Born during the 2008 Financial Crisis, Bitcoin represented a clear rejection of central bank policies and a critique of fiat currency. Now, a decade later, central banks are on the verge of stepping in with their own currencies on the blockchain.
Just recently, the European Central Bank (ECB) released a report where it details its extensive work around Central Bank Digital Currencies (CBDCs) – and it is not the only one. According to a survey by the Bank for International Settlements, 70% of central banks are exploring CBCDs.
Although CBCDs overlap with cryptocurrency on a number of fronts and may potentially take away market share from certain crypto assets, they are not the same and as such pose no existential threat to crypto as an asset class. If anything, they signal a strong endorsement of blockchain technology and may give rise to regulatory clarity in the digital assets space.
We do, however, urge investors to keep track of these developments closely and diversify their portfolios accordingly.
The rise of CBDCs
The concept behind digital cash has been around since 1983, but really only saw the light of day with the creation of Bitcoin. In contrast to conventional electronic payment systems (e.g. Visa), blockchain-based systems are accessible to anyone with a smartphone and an Internet connection.
Just like Bitcoin, CBDCs offer a range of benefits, including cost-effectiveness, fast settlement, and financial inclusivity, but as they are supported by Central Banks – and their vast reserves – CBDCs are likely to offer more stability and lower credit risk.
One of the challenges posed by cryptocurrency is that it structurally escapes monetary policy and falls outside of existing regulatory perimeters, making it difficult to monitor and manage capital flows. Alongside improved regulation, CBCDs arguably constitute a more radical attempt by the banking world to take back control over the future of money in the digital era.
This leads some commentators to perceive CBDCs as potentially spelling the end of crypto, but such a view fails to see that there is more to crypto than payments alone.
The future of crypto
If CBDCs offer a better alternative to cryptocurrency as a medium of exchange, we may see Bitcoin and similar currencies lose part of their market share – some investors may divert their capital to CBCDs, while others may favor privacy coins such as Monero or Dash.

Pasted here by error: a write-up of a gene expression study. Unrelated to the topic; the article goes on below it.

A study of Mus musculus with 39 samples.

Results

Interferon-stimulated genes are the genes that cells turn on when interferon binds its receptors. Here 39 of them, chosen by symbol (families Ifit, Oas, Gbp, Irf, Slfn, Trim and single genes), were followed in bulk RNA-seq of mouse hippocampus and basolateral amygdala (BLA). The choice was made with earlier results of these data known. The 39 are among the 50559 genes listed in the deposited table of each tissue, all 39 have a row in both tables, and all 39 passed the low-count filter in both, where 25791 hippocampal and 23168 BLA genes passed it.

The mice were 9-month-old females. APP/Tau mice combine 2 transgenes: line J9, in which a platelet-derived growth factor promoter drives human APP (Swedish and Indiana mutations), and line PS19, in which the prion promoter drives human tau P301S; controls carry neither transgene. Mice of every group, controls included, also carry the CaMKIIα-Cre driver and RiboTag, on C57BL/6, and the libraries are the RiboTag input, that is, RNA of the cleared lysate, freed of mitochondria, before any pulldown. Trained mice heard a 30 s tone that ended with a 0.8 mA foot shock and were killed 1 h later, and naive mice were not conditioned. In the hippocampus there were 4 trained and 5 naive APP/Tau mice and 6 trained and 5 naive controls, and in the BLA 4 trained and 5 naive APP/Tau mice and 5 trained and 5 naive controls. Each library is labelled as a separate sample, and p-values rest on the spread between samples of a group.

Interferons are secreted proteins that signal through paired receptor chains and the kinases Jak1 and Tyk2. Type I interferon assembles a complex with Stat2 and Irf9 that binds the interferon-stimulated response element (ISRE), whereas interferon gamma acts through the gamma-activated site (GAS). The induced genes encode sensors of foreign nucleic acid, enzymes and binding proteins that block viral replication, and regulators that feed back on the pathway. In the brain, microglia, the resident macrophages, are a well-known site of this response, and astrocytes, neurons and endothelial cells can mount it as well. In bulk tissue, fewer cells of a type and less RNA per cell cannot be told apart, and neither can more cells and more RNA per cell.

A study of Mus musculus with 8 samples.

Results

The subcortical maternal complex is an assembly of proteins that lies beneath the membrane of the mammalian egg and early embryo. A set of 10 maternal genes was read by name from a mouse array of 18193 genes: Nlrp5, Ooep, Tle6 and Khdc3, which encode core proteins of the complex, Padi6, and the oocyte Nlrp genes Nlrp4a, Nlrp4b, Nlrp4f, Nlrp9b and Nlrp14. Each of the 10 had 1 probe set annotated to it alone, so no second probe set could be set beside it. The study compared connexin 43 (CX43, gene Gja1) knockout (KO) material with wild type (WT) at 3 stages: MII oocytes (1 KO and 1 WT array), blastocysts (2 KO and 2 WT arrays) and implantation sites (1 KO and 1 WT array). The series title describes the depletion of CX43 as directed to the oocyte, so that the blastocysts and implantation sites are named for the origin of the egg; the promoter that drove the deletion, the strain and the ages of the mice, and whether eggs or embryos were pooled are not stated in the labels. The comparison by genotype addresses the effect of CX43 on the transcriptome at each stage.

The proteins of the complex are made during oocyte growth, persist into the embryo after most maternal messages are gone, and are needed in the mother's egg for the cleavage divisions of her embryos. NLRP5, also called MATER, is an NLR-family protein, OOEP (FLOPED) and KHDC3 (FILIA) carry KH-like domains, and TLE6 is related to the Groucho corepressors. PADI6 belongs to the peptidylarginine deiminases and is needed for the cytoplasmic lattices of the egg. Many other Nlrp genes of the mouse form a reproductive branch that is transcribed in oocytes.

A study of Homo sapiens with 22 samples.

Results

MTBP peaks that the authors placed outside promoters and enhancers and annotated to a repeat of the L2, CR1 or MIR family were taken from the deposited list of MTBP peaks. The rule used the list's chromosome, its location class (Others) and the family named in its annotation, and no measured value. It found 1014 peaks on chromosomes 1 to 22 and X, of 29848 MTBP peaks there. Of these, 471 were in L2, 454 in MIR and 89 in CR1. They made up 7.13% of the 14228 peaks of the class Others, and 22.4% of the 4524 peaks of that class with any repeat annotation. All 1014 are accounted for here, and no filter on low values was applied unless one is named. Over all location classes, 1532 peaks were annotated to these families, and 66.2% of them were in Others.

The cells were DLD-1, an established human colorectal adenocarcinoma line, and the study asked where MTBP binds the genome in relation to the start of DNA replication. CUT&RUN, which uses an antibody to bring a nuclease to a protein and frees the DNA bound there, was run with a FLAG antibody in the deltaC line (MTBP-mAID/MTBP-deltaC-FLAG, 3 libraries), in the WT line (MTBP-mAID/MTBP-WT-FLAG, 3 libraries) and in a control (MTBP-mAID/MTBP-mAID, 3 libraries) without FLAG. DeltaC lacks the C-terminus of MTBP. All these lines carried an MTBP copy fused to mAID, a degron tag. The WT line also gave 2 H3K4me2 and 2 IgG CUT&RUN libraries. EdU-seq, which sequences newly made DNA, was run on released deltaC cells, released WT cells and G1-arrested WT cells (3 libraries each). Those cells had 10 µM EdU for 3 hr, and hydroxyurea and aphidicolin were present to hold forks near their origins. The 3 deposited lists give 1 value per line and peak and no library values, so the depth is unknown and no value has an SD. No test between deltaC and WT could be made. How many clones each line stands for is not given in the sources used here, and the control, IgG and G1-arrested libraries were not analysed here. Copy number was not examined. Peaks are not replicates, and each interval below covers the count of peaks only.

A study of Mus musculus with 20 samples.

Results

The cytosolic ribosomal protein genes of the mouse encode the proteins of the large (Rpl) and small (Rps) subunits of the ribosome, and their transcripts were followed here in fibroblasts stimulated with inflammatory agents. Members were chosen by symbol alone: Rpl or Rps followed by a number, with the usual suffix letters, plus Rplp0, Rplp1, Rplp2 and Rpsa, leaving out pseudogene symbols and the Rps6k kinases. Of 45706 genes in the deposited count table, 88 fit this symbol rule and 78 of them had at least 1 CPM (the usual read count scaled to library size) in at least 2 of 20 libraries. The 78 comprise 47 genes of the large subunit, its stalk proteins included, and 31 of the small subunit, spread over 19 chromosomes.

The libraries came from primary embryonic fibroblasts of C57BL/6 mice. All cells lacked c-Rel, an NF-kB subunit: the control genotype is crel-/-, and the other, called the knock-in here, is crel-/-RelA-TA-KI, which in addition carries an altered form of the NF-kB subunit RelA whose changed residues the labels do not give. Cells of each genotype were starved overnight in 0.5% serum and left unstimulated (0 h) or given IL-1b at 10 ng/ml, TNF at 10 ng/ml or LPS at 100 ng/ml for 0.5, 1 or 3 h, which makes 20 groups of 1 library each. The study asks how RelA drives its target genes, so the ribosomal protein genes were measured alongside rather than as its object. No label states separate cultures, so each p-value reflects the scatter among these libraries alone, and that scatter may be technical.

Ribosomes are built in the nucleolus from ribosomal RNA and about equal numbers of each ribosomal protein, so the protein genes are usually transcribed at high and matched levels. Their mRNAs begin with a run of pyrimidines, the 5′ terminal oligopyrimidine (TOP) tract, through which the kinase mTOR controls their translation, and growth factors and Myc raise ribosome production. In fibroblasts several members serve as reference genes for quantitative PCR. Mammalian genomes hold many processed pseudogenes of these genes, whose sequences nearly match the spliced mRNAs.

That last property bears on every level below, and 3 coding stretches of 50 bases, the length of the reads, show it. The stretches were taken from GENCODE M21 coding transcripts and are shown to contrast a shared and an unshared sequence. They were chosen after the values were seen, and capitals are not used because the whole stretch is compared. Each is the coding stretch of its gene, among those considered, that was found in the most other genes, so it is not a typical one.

At the same time, we should not forget that established coins such as Bitcoin are also part of a sub-culture and may retain much of their value simply by virtue of what they represent to an investment community.
But even if CBDCs pose a challenge to payment-oriented cryptocurrencies, at the same time their adoption also signals a strong endorsement of the underlying technology which may further draw positive attention to the crypto space.
What’s more, as central banks become involved, we can expect increased regulatory clarity which would facilitate institutional participation as well.
Beyond that, it’s also good to bear in mind that different cryptocurrencies offer different use cases which should be of continued interest to investors. Ethereum (ETH), for example, stands at the heart of the decentralized finance (DeFi) movement, with ETH deriving part of its value from innovative solutions across lending, trading, borrowing, insurance, payments, and other DeFi-tools. In other words, depending on their utility, not all cryptocurrencies would be equally affected by CBDCs.
Exactly how this will all play out, we cannot predict. But it is highly likely that the rise of CBDCs will rattle the markets. This is why we would urge investors to become extra critical in their appraisal of the various crypto assets and diversify their crypto portfolios accordingly.